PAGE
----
Infectious Diseases

by Isaac Meyer and Bryan Ernst

The Differences Between Bacteria, Viruses, and Parasites

Bacteria, viruses, and parasites are organisms/particles that can be infectious to another living organism. Bacteria are single-celled organisms that are usually helpful to an organism, but other times can cause disease which is easy to cure most of the time. Viruses are nonliving particles that their only function is to reproduce. Once inside an organism, it will inject its DNA into a cell, which forces the cell to reproduce more viruses, which ends up killing the cell. Parasites are single-cellular or multicellular organisms that feed off of other host organisms, usually causing infection.

The "Superbug"

Widely known as the “Superbug”, Staphylococcus aureus(aka Staph) is a bacterium that is found on some people’s skins, which can be fatal if entered through a wound. It can be treated with Methicillin(antibiotic) unless it mutates into MRSA, which stands for Methicillin-Resistant Staphylococcus aureus. MRSA mainly causes skin infections, such as painful abscesses, which do not go away unless they are drained surgically. As said in the name, MRSA is immune to antibiotics, which makes it hard to kill.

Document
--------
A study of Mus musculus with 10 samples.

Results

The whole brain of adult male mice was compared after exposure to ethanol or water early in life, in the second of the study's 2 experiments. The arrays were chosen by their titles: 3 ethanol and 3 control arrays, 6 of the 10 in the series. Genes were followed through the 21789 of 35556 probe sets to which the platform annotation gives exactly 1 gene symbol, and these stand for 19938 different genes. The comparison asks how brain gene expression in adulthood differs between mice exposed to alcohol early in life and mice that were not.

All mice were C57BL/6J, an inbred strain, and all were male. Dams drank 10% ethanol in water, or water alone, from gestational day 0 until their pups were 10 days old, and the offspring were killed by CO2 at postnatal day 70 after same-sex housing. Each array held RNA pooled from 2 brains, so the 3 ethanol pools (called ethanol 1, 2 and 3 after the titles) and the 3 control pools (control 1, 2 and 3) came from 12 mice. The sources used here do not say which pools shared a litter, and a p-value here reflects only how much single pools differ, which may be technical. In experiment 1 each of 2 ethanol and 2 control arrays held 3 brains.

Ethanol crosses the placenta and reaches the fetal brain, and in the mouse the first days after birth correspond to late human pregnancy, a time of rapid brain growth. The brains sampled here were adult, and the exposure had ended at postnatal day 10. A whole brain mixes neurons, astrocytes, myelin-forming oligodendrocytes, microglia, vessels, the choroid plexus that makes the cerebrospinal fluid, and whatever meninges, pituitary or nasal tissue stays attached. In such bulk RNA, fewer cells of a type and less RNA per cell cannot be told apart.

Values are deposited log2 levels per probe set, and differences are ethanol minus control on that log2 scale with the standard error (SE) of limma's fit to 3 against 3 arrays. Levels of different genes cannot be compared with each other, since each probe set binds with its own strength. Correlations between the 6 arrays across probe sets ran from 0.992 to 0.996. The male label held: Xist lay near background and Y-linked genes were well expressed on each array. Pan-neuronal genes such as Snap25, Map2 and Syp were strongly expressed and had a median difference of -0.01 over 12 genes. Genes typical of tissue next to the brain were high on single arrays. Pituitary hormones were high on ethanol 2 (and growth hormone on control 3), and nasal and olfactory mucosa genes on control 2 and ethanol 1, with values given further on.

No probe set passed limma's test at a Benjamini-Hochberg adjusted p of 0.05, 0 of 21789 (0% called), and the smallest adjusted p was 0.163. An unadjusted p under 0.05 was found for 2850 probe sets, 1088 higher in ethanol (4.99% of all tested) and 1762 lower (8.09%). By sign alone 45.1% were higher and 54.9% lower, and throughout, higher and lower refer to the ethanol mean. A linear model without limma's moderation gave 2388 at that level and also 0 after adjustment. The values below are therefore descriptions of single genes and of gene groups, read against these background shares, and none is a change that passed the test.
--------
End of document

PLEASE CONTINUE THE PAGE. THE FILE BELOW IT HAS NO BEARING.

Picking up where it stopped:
Bacterial, viral, and parasitic infections can be prevented in a few ways, and it is important to take caution because some infections are not curable in this day. Bacterial infections can be prevented by receiving antibodies, which are immune cells, from another person to boost another person’s immune system. To prevent a viral infection, it is the same as curing it: a vaccine is given. Parasitic infections cannot be prevented internally(e.g. medicine), but can only be prevented by human action. Techniques to prevent are avoiding uncooked meats, avoiding drinking unfiltered water, using sexual protection, and avoiding other mammal feces.